Sunday, May 15, 2011

Hugo's invention

The Invention of Hugo Cabret ~ by Brian Selznick, 2007, fiction (France), 10/10

The story I am about to share with you takes place in 1931, under the roofs of Paris.  Here you will meet a boy named Hugo Cabret, who once, long ago, discovered a mysterious drawing that changed his life forever.

But before you turn the page, I want you to picture yourself sitting in the darkness, like the beginning of a movie.  On screen, the sun will soon rise, and you will find yourself zooming toward a train station in the middle of the city.  You will rush through the doors into a crowded lobby.  You will eventually spot a boy amid the crowd, and he will start to move through the train station.  Follow him, because this is Hugo Cabret.  His head if full of secrets, and he's waiting for his story to begin.

-- Professor H. Alcofrisbas
Nothing I ever read about this book really called to me, and I put off reading it for -- what? -- four years now?  Since I rate it 10 out of 10, I want to say something that encourages others like me to reconsider getting a copy.  That introduction by one of the characters does it for me.
When I was working on my doctorate, I learned that my professor had produced several videos.  It occurred to me to write my dissertation as though it were a movie.  I wrote what I called a "verbal video," beginning with a man picking up the clapper for the bell in front of our church.  A swarm of excited children followed him out the front door and down the sidewalk, each of them wanting a turn at clanging the low-hanging bell.  I used terms like "fade to black" when I changed scenes in the middle of my dissertation.  I tried in every way I could think of to "show" the story I was telling.  But I didn't think of this one.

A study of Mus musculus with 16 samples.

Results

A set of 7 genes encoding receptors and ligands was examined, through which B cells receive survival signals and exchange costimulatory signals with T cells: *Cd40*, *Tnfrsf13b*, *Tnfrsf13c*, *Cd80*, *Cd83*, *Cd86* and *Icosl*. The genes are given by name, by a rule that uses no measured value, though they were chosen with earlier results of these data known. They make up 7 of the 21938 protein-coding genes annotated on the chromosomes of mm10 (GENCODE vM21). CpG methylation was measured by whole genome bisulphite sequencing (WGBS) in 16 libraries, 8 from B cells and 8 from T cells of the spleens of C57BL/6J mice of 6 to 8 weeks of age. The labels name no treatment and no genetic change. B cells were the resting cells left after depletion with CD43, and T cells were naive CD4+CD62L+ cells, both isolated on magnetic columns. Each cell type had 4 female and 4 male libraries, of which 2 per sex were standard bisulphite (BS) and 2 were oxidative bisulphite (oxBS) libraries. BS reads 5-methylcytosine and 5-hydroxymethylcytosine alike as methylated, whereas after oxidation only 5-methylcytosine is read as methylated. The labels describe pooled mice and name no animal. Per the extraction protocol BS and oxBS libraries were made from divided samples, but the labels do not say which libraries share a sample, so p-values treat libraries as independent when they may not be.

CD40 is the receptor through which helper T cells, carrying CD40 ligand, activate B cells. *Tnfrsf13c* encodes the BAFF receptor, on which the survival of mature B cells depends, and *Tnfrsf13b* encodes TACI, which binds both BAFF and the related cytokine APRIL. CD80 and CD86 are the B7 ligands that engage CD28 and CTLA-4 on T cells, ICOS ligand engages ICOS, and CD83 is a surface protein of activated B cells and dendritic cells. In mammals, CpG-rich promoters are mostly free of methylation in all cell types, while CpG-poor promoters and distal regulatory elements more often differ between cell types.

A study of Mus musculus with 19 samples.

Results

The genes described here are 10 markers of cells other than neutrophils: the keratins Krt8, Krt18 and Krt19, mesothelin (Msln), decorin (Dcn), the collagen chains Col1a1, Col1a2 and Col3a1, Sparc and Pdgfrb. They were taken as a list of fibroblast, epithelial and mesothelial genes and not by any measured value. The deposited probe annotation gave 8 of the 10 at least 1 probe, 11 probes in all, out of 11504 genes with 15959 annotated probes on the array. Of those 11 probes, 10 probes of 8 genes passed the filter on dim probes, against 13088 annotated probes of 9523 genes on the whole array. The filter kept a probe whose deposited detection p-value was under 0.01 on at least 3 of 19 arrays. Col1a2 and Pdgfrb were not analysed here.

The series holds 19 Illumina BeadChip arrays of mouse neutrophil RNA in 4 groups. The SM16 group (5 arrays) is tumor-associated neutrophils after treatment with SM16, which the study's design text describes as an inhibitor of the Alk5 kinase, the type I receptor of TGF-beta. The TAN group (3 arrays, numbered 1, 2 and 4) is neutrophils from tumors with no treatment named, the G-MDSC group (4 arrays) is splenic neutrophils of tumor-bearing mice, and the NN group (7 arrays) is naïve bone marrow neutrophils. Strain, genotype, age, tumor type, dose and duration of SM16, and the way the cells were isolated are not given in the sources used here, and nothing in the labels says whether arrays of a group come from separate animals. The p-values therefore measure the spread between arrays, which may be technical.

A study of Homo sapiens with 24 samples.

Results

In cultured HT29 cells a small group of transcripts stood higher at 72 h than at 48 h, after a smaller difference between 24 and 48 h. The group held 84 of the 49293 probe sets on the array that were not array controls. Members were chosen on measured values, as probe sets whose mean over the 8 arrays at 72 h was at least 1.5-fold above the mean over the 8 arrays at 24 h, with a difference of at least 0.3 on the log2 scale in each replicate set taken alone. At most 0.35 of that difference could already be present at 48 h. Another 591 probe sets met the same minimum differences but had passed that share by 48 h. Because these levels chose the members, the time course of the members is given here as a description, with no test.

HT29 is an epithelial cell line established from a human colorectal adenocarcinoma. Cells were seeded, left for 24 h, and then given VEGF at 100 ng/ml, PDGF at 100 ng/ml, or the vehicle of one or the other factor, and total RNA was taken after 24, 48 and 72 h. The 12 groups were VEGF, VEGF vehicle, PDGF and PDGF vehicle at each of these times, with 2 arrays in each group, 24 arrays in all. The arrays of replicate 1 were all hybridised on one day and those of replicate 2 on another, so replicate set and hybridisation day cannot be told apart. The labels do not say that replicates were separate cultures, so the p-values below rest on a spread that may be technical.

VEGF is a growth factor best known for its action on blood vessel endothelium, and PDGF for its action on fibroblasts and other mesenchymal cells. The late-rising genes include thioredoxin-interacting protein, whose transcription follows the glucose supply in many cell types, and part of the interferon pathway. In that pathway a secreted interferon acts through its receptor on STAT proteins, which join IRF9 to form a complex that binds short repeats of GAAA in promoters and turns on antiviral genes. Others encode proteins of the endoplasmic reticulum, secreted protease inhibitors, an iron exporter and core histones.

Brian Selznick drew the characters in such a way that the reader (viewer?) is watching the characters, just as a movie-goer watches a screen.  He even drew the movies themselves, the old black-and-white ones, like the moon from a movie remembered by the father of the main character.

We watch Hugo tinker with cogs and wheels, and eventually we find out who that Professor Alcofrisbas really is.  This quote from page 374 seems to sum up Hugo's philosophy of life:
Hugo thought about his father's description of the automaton.  "Did you ever notice that all machines are made for some reason?" he asked Isabelle.
"They are built to make you laugh, like the mouse here, or to tell the time, like clocks, or to fill you with wonder, like the automaton.  Maybe that's why a broken machine always makes me a little sad, because it isn't able to do what it was meant to do."

Isabelle picked up the mouse, wound it again, and set it down.

"Maybe it's the same with people," Hugo continued.  "If you lose your purpose . . . it's like you're broken."
As I said, it's a ten-ten book, which means, "Loved it!! Couldn't put it down!!"  I read it straight through, all 534 pages of it.